Rumi and Iran today
William R. Stimson
It has happened now in Iran like it did in Myanmar a short while back. Common people, secular and religious, cried out with one voice against injustice only to have their rulers bludgeon them back into silence. Today on the internet we hear not a whisper from Iran, save official lies.
But we know what is happening. It was told long ago by the great Persian-language poet – Jalāl ad-Dīn Muhammad Rūmī – known and loved everywhere today simply as Rumi. A country’s worse enemy, Rumi hints in his poetry, lies not outside its own borders but hides within them in the form of a disregard for what is most sacred and holy – love, truth, and justice – and a cynical and crafty deployment of so-called religious law, mere rules of convention, to advance oneself, one’s kin, and one’s power-base, regardless of how much damage, or loss of life, this may inflict on others.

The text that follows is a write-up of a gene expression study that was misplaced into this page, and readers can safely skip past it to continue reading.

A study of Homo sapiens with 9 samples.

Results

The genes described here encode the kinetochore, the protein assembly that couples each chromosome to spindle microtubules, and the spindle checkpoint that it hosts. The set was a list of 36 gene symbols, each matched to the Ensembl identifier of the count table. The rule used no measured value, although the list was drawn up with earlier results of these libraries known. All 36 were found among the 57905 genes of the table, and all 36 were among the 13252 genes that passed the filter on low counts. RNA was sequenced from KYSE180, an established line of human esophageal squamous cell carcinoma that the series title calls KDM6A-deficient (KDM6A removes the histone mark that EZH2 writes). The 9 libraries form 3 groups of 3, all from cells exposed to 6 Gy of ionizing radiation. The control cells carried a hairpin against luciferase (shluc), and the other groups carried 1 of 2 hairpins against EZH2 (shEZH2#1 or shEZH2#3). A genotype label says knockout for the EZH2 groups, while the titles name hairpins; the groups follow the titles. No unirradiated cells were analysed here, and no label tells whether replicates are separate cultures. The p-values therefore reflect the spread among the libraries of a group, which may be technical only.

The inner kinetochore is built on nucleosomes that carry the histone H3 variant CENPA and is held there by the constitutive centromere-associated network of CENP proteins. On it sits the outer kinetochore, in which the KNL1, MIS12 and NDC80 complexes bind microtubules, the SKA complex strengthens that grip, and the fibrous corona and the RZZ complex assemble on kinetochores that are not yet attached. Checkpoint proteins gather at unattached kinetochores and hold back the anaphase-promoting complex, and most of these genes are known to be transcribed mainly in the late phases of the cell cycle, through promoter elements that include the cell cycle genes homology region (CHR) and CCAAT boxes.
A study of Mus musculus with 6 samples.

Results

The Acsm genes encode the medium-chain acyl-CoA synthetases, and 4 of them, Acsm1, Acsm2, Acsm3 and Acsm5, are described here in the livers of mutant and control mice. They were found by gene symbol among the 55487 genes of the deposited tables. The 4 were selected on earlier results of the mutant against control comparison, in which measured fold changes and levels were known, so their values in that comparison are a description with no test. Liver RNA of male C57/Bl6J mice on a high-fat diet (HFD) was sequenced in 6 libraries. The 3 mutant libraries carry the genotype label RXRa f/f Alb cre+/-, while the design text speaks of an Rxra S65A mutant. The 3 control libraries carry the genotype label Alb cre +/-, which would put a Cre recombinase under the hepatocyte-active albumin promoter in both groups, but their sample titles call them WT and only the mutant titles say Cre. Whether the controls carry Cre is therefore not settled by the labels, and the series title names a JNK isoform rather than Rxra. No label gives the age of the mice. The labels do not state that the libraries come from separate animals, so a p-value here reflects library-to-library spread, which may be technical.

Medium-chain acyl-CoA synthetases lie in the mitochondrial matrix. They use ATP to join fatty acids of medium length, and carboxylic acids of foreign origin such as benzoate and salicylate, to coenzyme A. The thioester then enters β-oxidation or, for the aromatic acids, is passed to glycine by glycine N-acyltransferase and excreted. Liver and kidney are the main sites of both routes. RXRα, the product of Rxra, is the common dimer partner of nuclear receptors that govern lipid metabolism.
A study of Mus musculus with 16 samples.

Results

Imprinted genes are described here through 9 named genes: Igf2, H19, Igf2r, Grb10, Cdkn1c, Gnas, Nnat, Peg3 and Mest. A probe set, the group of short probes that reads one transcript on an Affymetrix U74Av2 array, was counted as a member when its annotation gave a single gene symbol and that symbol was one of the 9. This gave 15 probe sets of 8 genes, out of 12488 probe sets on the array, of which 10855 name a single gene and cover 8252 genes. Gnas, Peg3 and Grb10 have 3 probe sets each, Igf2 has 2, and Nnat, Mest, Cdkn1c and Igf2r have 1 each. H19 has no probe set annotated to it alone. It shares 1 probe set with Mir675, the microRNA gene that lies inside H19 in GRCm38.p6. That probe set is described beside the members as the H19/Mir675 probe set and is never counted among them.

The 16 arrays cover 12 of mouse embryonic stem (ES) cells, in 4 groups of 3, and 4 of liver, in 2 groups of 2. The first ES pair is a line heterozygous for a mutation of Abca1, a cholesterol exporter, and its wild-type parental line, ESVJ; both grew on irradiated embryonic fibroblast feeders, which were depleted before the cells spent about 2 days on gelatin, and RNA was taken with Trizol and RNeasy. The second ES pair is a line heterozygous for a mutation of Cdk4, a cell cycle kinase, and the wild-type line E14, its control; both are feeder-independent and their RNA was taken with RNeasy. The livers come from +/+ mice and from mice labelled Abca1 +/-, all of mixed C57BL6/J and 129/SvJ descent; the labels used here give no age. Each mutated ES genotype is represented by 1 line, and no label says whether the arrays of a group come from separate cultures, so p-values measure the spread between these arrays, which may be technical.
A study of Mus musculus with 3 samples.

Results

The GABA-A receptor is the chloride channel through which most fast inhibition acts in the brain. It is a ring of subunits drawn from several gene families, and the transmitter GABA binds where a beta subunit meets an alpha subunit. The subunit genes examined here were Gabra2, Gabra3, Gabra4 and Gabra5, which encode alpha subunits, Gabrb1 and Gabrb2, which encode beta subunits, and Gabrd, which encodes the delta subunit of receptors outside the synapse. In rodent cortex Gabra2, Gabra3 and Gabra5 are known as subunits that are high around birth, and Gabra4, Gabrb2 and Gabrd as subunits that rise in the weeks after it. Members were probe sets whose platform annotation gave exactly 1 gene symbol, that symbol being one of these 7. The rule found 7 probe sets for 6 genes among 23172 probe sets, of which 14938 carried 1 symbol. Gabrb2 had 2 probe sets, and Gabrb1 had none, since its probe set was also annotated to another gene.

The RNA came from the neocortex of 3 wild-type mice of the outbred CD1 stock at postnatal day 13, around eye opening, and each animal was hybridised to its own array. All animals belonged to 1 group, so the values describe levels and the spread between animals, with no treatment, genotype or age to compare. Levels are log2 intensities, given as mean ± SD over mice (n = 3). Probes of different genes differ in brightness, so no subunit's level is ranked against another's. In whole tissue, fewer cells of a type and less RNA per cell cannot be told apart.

This is exactly what we’re seeing today in Iran and the poet Rumi, who speaks out from the deep root of that country’s religious tradition, has something instructive to say on this account. He tells us that those who have grabbed power for themselves by enforcing ways of behaving and speaking are of one sort and those who are lovers of truth and who burn with a desire for justice and fairness are of another sort entirely. The wrong way that the people on the streets may talk or act is better than a hundred right ways of their corrupt rulers. Those we have seen beaten into submission may not obey the code of doctrine their rulers are trying to impose. But they burn in their hearts with a more sacred truth.
The worst position, according to Rumi, is for a country to have an enemy that it cannot see and does not know. It is better for the nation to have a thousand known enemies than to have one which it does not know is there. The good news from Iran today is that the Iranian people know the enemy is there and they see now exactly who it is. The whole world knows it too, and sees it also.
It’s only a matter of time before the fake structure crumbles.